Chile ’76  Movie Review: Chilean actress Manuela Martelli’s directorial debut titled “Chile’76’” is a succinct thriller and an engrossing drama reflecting the geopolitical scenarios of that era. Set in the tumultuous times when Chile was under the dictatorship of its notorious general Augusto Pinochet, who toppled the democratically elected government via a coup d’etat and established a regime driven by fear and ruthless aggression. One of the de-facto facets of the regime was to stomp on any dissenting voices – by persecution and murders.
Martelli and her co-writer Alejandra Moffat find a different eye to portray the injustice and terrors of that time. For this, they choose neither the oppressor nor the oppressed. They chose the casual bystander. Till the bystander cannot remain a bystander. And in “Chile’76,” this bystander belongs to the class that does not generally inherently feels a need to have a qualm with a right-wing dictatorship.
For the film’s protagonist is one Carmen (Aline Kuppenheim), who is an upper-class housewife who seems to have it all. When the film starts, her first concern is whether the paint she is purchasing for redecorating her ‘Winter House’ has the correct shade of pink or not. Carmen’s husband is a successful doctor, who runs a hospital. Her children are well-established and she has her maid take care of most of the household stuff. It seems perfect for Carmen, with a mild hint of dissatisfaction.
Martelli crafts the early scenes (and the whole film if I may add in advance) with perfection to portray how insulated Carmen’s life is from the political turmoil that has gripped her nation. The first scene shows Carmen (along with many other bystanders) being unperturbed while a woman is taken out of the street in broad daylight, by the military. Carmen gets distracted by this. But not disturbed. Unlike disturbance, distraction fades quickly.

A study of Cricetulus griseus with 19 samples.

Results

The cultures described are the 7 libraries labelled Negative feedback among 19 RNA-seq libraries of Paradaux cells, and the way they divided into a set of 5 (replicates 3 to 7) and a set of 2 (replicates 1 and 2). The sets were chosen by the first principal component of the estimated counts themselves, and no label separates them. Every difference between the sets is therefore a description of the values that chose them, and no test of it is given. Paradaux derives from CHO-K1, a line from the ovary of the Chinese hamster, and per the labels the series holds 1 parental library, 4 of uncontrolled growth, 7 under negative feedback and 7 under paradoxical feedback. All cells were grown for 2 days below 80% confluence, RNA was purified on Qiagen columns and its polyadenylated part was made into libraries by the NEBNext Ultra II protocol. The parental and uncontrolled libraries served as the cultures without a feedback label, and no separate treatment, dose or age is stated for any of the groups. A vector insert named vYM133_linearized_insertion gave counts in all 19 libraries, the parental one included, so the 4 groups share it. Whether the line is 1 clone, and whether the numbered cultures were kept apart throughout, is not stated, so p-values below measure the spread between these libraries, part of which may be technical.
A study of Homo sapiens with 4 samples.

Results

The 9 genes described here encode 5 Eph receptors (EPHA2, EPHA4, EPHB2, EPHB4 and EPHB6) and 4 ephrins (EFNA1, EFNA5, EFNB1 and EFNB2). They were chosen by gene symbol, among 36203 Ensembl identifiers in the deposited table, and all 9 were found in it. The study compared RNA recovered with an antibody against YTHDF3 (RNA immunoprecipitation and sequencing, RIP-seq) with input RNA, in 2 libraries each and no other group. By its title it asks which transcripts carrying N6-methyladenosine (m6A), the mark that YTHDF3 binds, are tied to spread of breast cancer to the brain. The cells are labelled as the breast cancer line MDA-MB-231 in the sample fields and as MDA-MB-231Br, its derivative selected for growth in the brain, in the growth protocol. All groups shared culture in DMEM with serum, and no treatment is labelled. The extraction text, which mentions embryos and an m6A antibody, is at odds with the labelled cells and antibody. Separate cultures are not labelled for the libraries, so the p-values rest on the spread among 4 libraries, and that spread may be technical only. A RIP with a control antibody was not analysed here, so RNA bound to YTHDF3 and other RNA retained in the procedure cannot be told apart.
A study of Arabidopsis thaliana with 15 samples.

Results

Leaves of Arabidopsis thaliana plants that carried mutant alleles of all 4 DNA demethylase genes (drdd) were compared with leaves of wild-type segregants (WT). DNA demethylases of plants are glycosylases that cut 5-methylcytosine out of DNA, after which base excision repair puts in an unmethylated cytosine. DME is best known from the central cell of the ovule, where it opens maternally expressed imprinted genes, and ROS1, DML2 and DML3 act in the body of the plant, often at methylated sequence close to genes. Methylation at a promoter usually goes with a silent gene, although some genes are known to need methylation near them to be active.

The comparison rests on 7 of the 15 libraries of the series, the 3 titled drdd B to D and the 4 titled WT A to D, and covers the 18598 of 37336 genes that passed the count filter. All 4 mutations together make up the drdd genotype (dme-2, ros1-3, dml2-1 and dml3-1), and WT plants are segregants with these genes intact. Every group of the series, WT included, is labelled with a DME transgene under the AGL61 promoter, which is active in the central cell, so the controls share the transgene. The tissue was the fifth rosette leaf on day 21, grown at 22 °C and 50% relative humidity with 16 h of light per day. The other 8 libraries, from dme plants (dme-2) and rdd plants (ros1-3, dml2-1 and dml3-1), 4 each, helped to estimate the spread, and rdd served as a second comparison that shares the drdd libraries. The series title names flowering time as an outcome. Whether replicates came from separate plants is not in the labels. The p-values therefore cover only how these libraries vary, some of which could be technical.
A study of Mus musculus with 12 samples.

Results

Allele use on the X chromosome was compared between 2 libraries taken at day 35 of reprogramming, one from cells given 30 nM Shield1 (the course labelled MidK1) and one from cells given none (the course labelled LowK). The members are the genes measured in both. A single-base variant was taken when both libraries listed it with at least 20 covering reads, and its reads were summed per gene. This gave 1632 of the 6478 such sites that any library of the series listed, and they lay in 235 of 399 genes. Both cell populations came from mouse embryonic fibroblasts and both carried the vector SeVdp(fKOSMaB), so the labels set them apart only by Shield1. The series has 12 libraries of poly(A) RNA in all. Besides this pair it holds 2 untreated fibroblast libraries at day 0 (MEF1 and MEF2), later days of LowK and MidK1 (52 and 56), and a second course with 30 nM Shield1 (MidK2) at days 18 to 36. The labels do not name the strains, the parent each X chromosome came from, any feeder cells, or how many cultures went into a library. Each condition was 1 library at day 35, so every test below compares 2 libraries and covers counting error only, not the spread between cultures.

But the circumstances soon changes for Carmen. She gets entangled in what she never hoped of being entangled in. Carmen’s family priest, Father Sanchez (Hugo Medina), asks for a favor from her. Carmen was a caregiver and worked in Red Cross. She had dreams of becoming a doctor, but the usual patriarchal mindset stood in the way. Anyway, it is soon established that she knows her way around a medicine cabinet. That is why Father Sanchez asks her to treat a wounded young man. Only this young man is a comrade of the left-wing resistance. One of the many youngsters the government has vowed to stamp out.
Carmen’s world gets rocked, and rocked hard, by this sudden intrusion. Now she couldn’t just look away. She has to deeply look into the problem at hand. Slowly but gradually Carmen stops being a bystander, and we have a double life for the hitherto posh housewife. She has one life where she tends to her children, preparing the grand beach house for a birthday party. She also leads another life where she takes multiple bus rides to avoid the military. To pass a message to the comrades of her patient, Elias (Nicolas Sepulveda).
Martelli, along with her cinematographer, Yarara Rodriguez, and her editor, Camila Mercadal, creates the perfect dichotomy between these two lives. One of ignorant frivolities, and another of urgent needs of the common people. The film becomes a solid tense thriller once Carmen plunges into the darker areas of the government’s activities which her bourgeoisie class generally ignores. The paranoia she feels is palpable, as she becomes more aware of her surroundings. Maria Portugal’s synth-inspired background score, which occasionally feels like something out of Tarkovsky’s “Stalker,” and on other occasions, carries the golden-age noir vibes, underlines the tension in every scene.
However, the review would be incomplete if Aline Kuppenheim’s performance is not sufficiently praised. What a tour-de-force performance from the veteran Chilean actor, who is a formidable name in theater and films. Her performance perfectly brings out the necessary warmth and fear. The climactic scene where she struggles to separate her two lives at the birthday party while carrying the cake would be etched in every cinema afficiando’s memory, should they take the trouble to see this film.
And they should. “Chile’76” is a highly impressive debut by Manuela Martelli. One that would make her a filmmaker that most cinephiles would be eagerly waiting for the future works of. As I am.